This is a non-independent marketing communication commissioned by Brown Advisory US Smaller Companies. The report has not been prepared in accordance with legal requirements designed to promote the independence of investment research and is not subject to any prohibition on the dealing ahead of the dissemination of investment research.

When it comes to US smaller companies, two equal but opposite truths have long held fast. The first is that smaller companies have historically outperformed their large-cap peers. The second is that retail investors tend to be underweight small and even mid-cap stocks within their portfolios.

Given the former, it makes little sense that investors have smaller allocations relative to the benchmark. However, their particular reticence over the last few years has followed some logic. As larger-cap equities experienced dizzying valuation growth in the late 2010s, their smaller cap peers struggled to keep up and in early 2020, the performance of the S&P 500 (a proxy for larger companies) overtook that of the Russell 2000 (a small-cap proxy) for the first time since the early part of this millennium.

Furthermore, as the US moved closer to an anticipated economic downturn through to the end of the COVID-19 pandemic, investors worried that stretched smaller businesses would struggle to survive and their performance again lagged behind large caps.

It is this latter concern – outsized riskiness relative to larger peers – that has tended to discourage investors of all types from allocating ‘properly’ to smaller companies. Yet, as we have already touched on, this means they could be leaving significant returns on the table. Small caps have outperformed larger cap peers in general over much of the last two decades and the best of these themselves grow into companies with much larger valuations than they began with. Theoretically, there is a much longer growth path available to a smaller company.

Compellingly, it is also worth stating that while US smaller caps have historically fallen in years marked by an economic or broader market decline, notably 2002 and 2008, their dud years have almost always been followed by outsized returns. Or to put it another way, smaller caps (like growth stocks) are especially punished on the way into a recession, and those that survive (this being the major risk to bear in mind) can be more richly rewarded in performance terms on the way out of one.

While this complicated picture suggests that investors should seriously consider the return potential on the table with smaller companies, the inherently greater risks attached to them means that selectivity is vital. But not all smaller companies fund managers are made equal. For Chris Berrier, manager of Brown Advisory US Smaller Companies (BASC), applying a risk-conscious approach to smaller companies investing makes sense.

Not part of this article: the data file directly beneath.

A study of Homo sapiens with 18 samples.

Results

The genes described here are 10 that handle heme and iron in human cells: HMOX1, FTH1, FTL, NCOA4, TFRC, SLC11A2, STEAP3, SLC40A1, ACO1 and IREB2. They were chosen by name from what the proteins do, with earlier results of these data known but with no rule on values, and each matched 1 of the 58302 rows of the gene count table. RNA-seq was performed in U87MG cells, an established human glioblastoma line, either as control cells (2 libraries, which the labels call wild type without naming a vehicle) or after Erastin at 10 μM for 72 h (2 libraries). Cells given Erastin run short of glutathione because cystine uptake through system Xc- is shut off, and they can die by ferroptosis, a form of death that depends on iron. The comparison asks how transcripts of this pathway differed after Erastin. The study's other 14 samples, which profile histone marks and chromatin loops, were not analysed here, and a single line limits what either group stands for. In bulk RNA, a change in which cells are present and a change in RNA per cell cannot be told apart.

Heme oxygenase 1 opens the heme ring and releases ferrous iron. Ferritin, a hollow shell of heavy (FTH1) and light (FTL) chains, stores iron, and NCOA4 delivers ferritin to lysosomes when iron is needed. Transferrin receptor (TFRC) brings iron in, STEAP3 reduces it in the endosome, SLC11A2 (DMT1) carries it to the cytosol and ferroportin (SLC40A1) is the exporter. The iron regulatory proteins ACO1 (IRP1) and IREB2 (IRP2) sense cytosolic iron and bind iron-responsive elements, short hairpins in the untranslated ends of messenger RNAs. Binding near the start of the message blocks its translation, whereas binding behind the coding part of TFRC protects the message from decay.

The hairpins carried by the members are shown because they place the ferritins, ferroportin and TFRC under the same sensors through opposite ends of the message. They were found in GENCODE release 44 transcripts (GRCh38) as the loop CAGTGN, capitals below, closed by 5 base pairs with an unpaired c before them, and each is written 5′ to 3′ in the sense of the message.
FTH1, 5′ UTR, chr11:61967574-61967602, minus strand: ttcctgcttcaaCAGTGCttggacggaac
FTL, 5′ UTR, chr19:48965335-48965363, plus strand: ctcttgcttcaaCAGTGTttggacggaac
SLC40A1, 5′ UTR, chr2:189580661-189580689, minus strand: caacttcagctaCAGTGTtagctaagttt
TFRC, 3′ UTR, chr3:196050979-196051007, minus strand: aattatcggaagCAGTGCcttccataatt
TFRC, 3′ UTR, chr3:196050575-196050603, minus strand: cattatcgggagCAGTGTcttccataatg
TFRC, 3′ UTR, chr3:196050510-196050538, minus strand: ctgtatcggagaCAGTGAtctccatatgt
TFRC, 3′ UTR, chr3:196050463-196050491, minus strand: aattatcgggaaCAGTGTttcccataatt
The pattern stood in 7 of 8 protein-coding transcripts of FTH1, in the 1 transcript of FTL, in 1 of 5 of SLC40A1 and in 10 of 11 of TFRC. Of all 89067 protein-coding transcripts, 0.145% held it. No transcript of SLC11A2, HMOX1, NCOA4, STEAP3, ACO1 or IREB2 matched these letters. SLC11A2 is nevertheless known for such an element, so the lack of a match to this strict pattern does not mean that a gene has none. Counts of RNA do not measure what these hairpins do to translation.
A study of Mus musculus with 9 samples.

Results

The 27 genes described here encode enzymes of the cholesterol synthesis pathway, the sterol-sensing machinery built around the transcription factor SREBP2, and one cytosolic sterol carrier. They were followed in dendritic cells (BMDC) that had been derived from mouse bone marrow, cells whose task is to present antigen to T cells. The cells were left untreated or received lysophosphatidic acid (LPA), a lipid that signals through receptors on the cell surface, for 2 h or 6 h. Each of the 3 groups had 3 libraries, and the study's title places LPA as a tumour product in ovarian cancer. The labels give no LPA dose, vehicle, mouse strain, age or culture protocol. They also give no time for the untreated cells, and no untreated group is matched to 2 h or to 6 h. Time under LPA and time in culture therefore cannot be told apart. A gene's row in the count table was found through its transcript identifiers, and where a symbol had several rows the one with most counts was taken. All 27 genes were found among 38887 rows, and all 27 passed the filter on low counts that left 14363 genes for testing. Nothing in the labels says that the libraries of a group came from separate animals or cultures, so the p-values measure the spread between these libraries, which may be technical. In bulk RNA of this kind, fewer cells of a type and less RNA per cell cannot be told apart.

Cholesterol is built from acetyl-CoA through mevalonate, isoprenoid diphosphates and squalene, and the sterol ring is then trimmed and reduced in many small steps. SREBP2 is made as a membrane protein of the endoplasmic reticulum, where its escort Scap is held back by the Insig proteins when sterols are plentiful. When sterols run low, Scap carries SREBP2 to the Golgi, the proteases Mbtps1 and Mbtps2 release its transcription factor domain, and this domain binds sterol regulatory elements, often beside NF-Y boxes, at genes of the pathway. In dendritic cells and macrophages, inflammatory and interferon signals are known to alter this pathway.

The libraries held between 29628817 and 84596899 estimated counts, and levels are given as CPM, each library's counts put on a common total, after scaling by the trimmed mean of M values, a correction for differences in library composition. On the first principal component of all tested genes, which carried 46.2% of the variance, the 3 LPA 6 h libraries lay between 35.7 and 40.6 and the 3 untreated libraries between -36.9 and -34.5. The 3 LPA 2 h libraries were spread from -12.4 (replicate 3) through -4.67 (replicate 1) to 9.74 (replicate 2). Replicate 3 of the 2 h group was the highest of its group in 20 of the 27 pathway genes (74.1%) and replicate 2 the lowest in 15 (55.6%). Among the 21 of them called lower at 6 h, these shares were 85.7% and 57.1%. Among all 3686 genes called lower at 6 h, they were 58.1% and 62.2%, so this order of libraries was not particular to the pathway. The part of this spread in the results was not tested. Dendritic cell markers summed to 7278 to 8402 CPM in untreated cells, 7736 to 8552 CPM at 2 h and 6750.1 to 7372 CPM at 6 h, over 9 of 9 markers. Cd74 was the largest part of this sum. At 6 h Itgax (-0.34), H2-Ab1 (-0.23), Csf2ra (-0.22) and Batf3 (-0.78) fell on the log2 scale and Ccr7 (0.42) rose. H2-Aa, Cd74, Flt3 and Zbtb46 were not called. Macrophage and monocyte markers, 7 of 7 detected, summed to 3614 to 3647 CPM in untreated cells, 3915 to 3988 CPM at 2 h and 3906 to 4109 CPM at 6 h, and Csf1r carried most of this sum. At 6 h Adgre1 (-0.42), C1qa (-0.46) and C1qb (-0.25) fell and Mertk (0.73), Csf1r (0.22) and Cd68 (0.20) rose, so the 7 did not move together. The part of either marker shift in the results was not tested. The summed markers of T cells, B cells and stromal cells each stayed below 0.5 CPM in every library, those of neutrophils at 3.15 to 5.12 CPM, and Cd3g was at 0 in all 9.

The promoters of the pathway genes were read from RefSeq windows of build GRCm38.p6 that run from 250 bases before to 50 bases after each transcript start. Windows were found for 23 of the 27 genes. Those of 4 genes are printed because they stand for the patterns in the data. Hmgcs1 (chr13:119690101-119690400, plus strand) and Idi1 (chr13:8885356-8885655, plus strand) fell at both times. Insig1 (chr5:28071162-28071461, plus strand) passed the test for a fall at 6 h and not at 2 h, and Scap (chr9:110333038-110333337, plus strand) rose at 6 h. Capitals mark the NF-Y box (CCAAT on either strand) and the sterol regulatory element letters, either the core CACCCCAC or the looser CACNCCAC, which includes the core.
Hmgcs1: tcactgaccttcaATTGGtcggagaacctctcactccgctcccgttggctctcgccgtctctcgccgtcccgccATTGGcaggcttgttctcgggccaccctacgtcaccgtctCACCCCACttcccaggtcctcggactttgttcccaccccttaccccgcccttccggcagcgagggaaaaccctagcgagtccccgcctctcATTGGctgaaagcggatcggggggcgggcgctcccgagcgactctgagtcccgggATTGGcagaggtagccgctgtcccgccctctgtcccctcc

By employing his signature ‘3G’ lens, which he and the wider Brown Advisory team have been applying to small caps for 17 years, he seeks to avoid the kind of overpriced and overhyped names that are sometimes mistaken for the typical smaller company.

The three Gs – growth, governance and go-to-market – essentially mean that the team looks for real, organically-growing opportunities, which are well executed and running with a strong financial profile, adding to revenues without adding significant costs. This focus on genuine, measurable growth means that the team should steer clear of the value traps that have gained particular favour in the value rally over the last year.

Over the long term this approach has proven successful; although, as Brown Advisory took over the management of BASC in April 2021 as both growth stocks and smaller companies fell out of favour, it has been a tough time to apply this lens to the portfolio. Nonetheless, with smaller companies valuations at a discount to their long-term average, there is notable potential for an uprating.

As the economic picture continues to evolve, the through-the-cycle benefits of actively considering smaller company-specific risks, while focusing on businesses generating strong growth, should become more apparent.

As the US has tentatively staved off a recession – at least for now – the widespread collapse of smaller companies anticipated by the market, which has driven valuations so low, appears less likely than those valuations would suggest. With that in mind, investors could start to consider an allocation to US smaller companies and the risk-aware, growth-oriented approach of BASC.